Go broke in just 10 easy steps
It's hard to resist a list. Especially a short list.
Let an expert promise three or four guaranteed methods to bring about world peace, or win somebody's heart, or achieve the waistline you've always dreamed of, and most of us will sit up. At least give it a listen.
Especially tempting is a list of how to get rich. (How to get good-looking is the only list that might compare in irresistibility.)
Happily, some people who make it big seem glad to share their secrets. There are millionaires out there who reach the top of the mountain, and it dawns on them: “I'm no superman. Anybody can get up here.” And then they tell you how.
Millionaire Mike Finley, a onetime career military man, is not on a mission to proliferate millionaires but something admirably humbler: just to help people avoid going broke.
He names 10 of the most common money traps, and it's hard to fault his list — though you might quibble about which ought to come first, second and so forth.
• No. 1, he says, give top priority to the appearance of wealth. Buy a lot of stuff and flaunt it. This used to be called keeping up with the Joneses. But who are you kidding? Gaudy purchases return no profit. They also clutter up a home.
• Work a job you can't stand and try to be happy in your free time. Wrong, says Finley, who teaches money management at a college in Iowa. Much better to find a fulfilling job, train to do it well and lessen the desperation to carouse on weekends.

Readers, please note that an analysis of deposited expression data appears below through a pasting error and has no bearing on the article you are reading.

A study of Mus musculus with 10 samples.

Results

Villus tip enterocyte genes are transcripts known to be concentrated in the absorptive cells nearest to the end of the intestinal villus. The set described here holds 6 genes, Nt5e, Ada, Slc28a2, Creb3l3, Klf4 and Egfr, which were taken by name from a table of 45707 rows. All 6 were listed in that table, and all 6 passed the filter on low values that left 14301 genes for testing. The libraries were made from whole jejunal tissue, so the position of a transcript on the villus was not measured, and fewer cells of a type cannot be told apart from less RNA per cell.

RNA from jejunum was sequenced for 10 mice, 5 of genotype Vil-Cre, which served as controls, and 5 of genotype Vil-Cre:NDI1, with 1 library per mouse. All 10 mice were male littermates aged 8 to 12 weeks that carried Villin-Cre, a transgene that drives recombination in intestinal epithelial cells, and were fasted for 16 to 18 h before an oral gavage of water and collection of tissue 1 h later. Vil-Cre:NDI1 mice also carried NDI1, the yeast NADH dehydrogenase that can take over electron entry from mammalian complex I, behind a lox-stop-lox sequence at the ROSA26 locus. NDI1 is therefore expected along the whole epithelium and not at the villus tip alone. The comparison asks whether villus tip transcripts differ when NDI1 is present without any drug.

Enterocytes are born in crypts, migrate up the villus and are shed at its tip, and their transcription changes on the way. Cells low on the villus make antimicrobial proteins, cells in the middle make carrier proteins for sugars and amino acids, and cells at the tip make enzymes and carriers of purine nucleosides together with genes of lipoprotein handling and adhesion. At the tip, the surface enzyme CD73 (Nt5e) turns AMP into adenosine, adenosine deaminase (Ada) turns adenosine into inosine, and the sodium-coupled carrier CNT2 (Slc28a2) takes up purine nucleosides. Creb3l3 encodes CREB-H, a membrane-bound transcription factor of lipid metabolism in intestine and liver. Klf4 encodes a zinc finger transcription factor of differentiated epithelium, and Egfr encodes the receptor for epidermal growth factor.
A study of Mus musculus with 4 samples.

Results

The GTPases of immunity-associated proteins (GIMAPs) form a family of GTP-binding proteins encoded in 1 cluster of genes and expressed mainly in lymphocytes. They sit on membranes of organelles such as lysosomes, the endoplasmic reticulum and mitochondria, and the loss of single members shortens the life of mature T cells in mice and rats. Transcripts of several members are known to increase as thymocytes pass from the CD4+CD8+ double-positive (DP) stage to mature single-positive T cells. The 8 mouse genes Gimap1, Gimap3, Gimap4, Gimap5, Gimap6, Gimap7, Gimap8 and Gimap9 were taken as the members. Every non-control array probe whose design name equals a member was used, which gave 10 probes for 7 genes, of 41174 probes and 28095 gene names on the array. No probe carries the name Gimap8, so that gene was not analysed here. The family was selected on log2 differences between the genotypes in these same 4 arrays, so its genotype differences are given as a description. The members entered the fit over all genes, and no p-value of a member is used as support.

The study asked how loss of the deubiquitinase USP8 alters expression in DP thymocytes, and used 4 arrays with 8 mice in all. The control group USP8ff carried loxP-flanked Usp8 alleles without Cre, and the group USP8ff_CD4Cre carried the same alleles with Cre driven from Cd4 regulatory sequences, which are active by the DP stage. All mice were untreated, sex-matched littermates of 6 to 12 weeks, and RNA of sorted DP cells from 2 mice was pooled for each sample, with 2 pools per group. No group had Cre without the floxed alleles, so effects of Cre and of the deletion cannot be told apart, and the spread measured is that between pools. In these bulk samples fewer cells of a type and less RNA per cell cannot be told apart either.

• Live paycheck to paycheck. Forget about saving anything. Almost as hopeless, resolve to save something after you've spent the week's or month's take-home pay away. (Admittedly, Federal Reserve policy is the spendthrift's ally here, keeping savings interest rates on savings near zero far, far too long.)
• Get a diploma and quit learning. Never again read a book on any useful subject, such as personal finance, like Finley's own “Financial Happine$$.”
• Play the lottery. A particular trap, this, for the poor and gullible. The same weekly $1, or $5, or $20 blown on a chance-in-a-million would compound to a tidy retirement nest egg if salted away.
• Max out your credit cards and make minimum monthly payments. This raises your cost for everything you buy via inexorable interest.
• When you come into a windfall of “free money” — a tax refund, say, or a bequest under someone's will — spend it.
• Treat yourself to the biggest wedding ever. What's a healthy rainy day fund, or a down payment on a house, against throwing a great party?
• Make celebrities your role models. You'll buy the most overpriced clothes, maybe even have a baby out of wedlock — and hear no applause at all in your continuing poverty.
• Think about your victimhood at every opportunity. Blame other people or “the system” for not having enough to make ends meet. But not having enough, when honestly faced, Finley says, is a powerful “motivation for a better life.”
All in all, a pretty good list.
Jack Markowitz is a Thursday columnist for Trib Total Media. Email firstname.lastname@example.org.